March 24, 2012 ·  By Working Group on Mining in the Philippines


Social Action-Justice and Peace Desk Diocese of Marbel Stands Firm in Opposing Mining Activities in Tamapkan

Our working group have repeatedly warned Xstrata about the dangers of the Tampakan SMI mining project [1] and commented on the inadequate environmental studies but they have failed to listen. We are told that they have not even consulted the current Secretary of the Department of Agriculture. The result is that the proposed Tampakan mine represents all that was wrong about mining under the previous Philippine administrations which made mining a priority program of the government, undermining the Department of Agriculture¹s responsibilities for food production and causing rampant human rights and environmental violations and anxiety for affected communities.

In our view it is not Œresponsible¹ to mine in vital water catchments in the mountains of Tampakan in South Cotabato which support agricultural production in the provinces of South Cotabato, Sultan Kudarat, Sarangani and Davao del Sur. We believe the Tampakan copper-gold project will become one of the most dangerous mines in the world if it is approved. We totally agree with the SMI¹s consultant engineers who determined that: ³The Tampakan Mine has a high potential for loss of life and high environmental damage if the facilities fail² [page 42 Waste Management Report. Appendix A. SMI Environmental and Social Impact Assessment (ESIA) 2011]. We totally disagree that Xstrata/Indophil/SMI can design the facilities to survive seismic activity and climate change including tropical cyclones forever.

The facilities include the mine itself which will leave an 800 meter deep pit (mine void) which we believe will leak acid mine drainage into the surrounding water tables and water courses and a 300 meter high pile of 1.35 billion tons of waste rock, high in arsenic and with a high potential for acid mine drainage. That area covers 500 hectares. The other mine facilities include two dams, one of which is 0.8 km long and 150 meters high; the other is 2.1 kms long and 280 meters high, covering over 1,000 hectares and situated just above the Mal River NIA irrigation dam. One dam will store fresh water while the tailings dam will store some 1.35 billion tons of toxic waste rock and tailings rich in arsenic and water with high potential for acid mine drainage. Any spill is likely to cause loss of life, damage to aquifers, to other water resources and to agriculture. The Tampakan mine is envisaged in an area of high seismic activity and the concession area itself is situated over geological fault lines and a cluster of dormant strato volcanoes within 12 kms of Mount Matutum, an active volcano. All these factors are a sure recipe for disaster in the not too distant future. Hundreds of tailings dams have failed as reported by UNEP. [2] We do not believe that dams can be designed to last forever where tropical storms, typhoons, heavy rains and seismic activity are a constant threat. Induced seismic activity can cause even more damage.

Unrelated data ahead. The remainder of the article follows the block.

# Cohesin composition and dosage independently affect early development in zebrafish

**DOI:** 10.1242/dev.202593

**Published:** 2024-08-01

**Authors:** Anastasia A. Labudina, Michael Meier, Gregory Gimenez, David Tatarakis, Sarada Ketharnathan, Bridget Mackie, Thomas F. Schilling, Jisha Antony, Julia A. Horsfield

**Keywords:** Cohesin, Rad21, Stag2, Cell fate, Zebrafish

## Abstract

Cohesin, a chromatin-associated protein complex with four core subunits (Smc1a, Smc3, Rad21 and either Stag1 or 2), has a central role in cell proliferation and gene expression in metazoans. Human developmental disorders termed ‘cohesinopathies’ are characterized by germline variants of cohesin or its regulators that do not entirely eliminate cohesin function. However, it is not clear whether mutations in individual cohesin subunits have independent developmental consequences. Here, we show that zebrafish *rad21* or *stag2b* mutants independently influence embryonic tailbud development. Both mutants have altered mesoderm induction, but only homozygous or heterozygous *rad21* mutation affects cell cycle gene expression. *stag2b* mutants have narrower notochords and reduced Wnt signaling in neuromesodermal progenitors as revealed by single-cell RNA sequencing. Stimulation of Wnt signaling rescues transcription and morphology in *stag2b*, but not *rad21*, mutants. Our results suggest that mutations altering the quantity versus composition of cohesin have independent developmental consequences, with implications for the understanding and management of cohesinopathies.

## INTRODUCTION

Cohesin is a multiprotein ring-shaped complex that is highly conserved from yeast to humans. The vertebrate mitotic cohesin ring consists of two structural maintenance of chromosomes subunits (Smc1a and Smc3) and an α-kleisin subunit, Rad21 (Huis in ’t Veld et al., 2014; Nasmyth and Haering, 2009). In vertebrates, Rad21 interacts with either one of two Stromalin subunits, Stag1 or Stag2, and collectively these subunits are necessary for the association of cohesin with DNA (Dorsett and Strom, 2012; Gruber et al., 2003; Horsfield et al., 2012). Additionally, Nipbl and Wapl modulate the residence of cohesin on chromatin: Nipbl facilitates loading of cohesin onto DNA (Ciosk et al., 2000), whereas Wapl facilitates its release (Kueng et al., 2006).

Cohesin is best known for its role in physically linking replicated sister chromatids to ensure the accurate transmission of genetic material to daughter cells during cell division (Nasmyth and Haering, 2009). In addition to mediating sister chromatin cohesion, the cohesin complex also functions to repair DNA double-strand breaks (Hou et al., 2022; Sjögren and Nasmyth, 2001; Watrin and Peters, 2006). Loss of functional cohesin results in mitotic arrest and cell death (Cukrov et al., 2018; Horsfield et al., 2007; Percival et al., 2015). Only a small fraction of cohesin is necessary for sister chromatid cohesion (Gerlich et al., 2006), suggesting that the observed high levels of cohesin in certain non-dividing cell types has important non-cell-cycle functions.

Approximately 4,000 hectares of forest, including 1,350 hectares of Rainforest, are targeted to be destroyed to make way for the project according the ESIA. Presidential Executive Order No. 23 forbids forest destruction. The Climate Change Commission predicts that Central Mindanao will have 20% less water in 20 years so the remaining forest cover is essential to maintain water supplies. Now that the facts are known, why are SMI/Xstrata/Indophil still trying to proceed and endeavouring to change the law and judgement of the Provincial authorities in South Cotabato? Surely, this is not responsible mining?

Ordinances Banning Open Pit Mines. The Provincial Government of South Cotabato to up-hold Philippine laws designed to protect water catchments and Human Rights passed a comprehensive Environment Code in June 2010 banning open pit mining in the province. This we commend. Indeed the other affected Provinces should take similar action as the known and unknown risks are too high to do otherwise. In enacting open-cast mining ban ordinances, local governments are acting in accordance with their obligations and autonomous powers under both the Constitution, and the Local Government Code of 1991. They also act as a check and balance mechanism on national government powers and policies and they should be supported for upholding environmental and human rights laws.

Inducements. Miners should be prevented from providing financial support or inducements to politicians and others to support mining against those who oppose and seek to promote sustainable alternative livelihoods and policies to protect the rights of communities and promote a healthy environment.

Precautionary Principle. The 1990 Bergen Declaration on Sustainable Development declares: “In order to achieve sustainable development, policies must be based on the precautionary principle. Environmental measures must anticipate, prevent and attack the causes of environmental degradation. Where there are threats of serious and irreversible damage, lack of scientific certainty, should not be used as a reason for postponing measures to prevent environmental degradation”.

Therefore the proposed Tampakan mine should not be allowed to proceed.